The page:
Is this normal at 48?

Discussion in 'Optometry Archives' started by BabyJane Hudson, Jan 20, 2006.

  1. I will be 49 this year. I do not wear glasses, however, I do have some
    to read with. It seems like things close up are blurry and hard to
    read, but distance things I have no problem with.

    I bought some reading glasses at the pharmacy a couple of years ago
    and the setting or whatever it is called was 150. Recently I bought a
    pair for book reading and find 175 strength to be better. Is this
    normal with age?

    Also, another question. If I go into a dark building from the outside
    during the day, and close my eyes, I see all kings of like dancing
    lines and within 15 seconds or so, eyes still closed, everything goes
    away. Is that normal?

    Everything worries me since several years ago I was told that Drusen
    is present in my macula. Every time I go to the opthomologist for
    annual eye exams, she says everything looks good despite the drusen

    Thanks for your time.

    "Never shall I forget that night, the first night in camp, which has turned my life into one long night, seven times cursed and seven times sealed. Never shall I forget that smoke. Never shall I forget the little faces of the children, whose bodies I saw turned into wreaths of smoke beneath a silent blue sky. ... Never shall I forget these things, even if I am condemned to live as long as God Himself. Never."--Elie Wiesel ("Night") upon entering Auschwitz death camp
    BabyJane Hudson, Jan 20, 2006
    1. Advertisements

  2. Yes, getting a little more plus in your readers every couple of years
    is normal, and even expected.

    Drusen are made up of complex molecules that contain cholesterol, and
    the contemporary thinking is that drusen are an auto-immune response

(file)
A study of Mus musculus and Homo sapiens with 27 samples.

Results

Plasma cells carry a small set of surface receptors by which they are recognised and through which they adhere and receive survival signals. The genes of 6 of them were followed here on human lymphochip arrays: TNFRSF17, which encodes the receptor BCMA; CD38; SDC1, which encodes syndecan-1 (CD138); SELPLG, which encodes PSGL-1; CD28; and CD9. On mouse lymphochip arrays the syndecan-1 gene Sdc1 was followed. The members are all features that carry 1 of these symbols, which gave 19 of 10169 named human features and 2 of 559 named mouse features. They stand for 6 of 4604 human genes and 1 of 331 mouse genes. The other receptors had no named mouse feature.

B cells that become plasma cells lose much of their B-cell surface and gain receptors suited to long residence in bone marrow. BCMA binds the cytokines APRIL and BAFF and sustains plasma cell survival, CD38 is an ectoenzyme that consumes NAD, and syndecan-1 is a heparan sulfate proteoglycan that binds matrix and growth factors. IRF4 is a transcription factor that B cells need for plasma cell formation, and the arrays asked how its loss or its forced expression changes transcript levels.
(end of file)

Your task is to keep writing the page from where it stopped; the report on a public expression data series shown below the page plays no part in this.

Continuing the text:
that your body created to protect your macula from sunlight. The three
    things that you can do that limit the growth and changing of your
    drusen are:

    (1) Limit your UV exposure! Look like a movie star, with dark glasses
    and a hat when you are outside.

    (2) Avoid smoking, even secondhand smoke. I have photographs of 30
    year smokers where you can see the tar from their cigarettes migrating
    to their maculas.

    (3) Beat your total colesterol down, while raising your good
    cholesterol through exercise.

    A non-smoker, who never tans, with good cholesterol numbers has a low
    risk of macular degeneration. A smoker who tans with a cheesburger in
    one hand and a cigarette in the other is asking for macular
    doctor_my_eye, Jan 20, 2006
    1. Advertisements

  3. BabyJane Hudson

    Mark A Guest

    Yes, it is normal and called presbyopia. It is the progressive reduction in
    the eye's ability to focus, with consequent difficulty in reading at the
    normal distance, associated with aging. Very few people escape this
    condition as they get older, and you will likely need more powerful lenses
    as you age.

    150 actually means a +1.50 lens.

    If your distance vision needs correction in the future, and the correction
    is different than needed for reading, then you may want bi-focals or
    progressive (or PAL) lenses (no-line bifocals).
    Mark A, Jan 20, 2006
  4. BabyJane Hudson

    acemanvx Guest

    Thats presbyopia for ya. You have been finding since 40 that things
    from near have gotten progressively more blurry. I am all too familar
    with presbyopia as I experience the symptoms too. Since im nearsighted,
    I can just take my glasses off to read or peak under them
    acemanvx, Jan 21, 2006
    1. Advertisements

Ask a Question

Want to reply to this thread or ask your own question?

You'll need to choose a username for the site, which only take a couple of moments (here). After that, you can post your question and our members will help you out.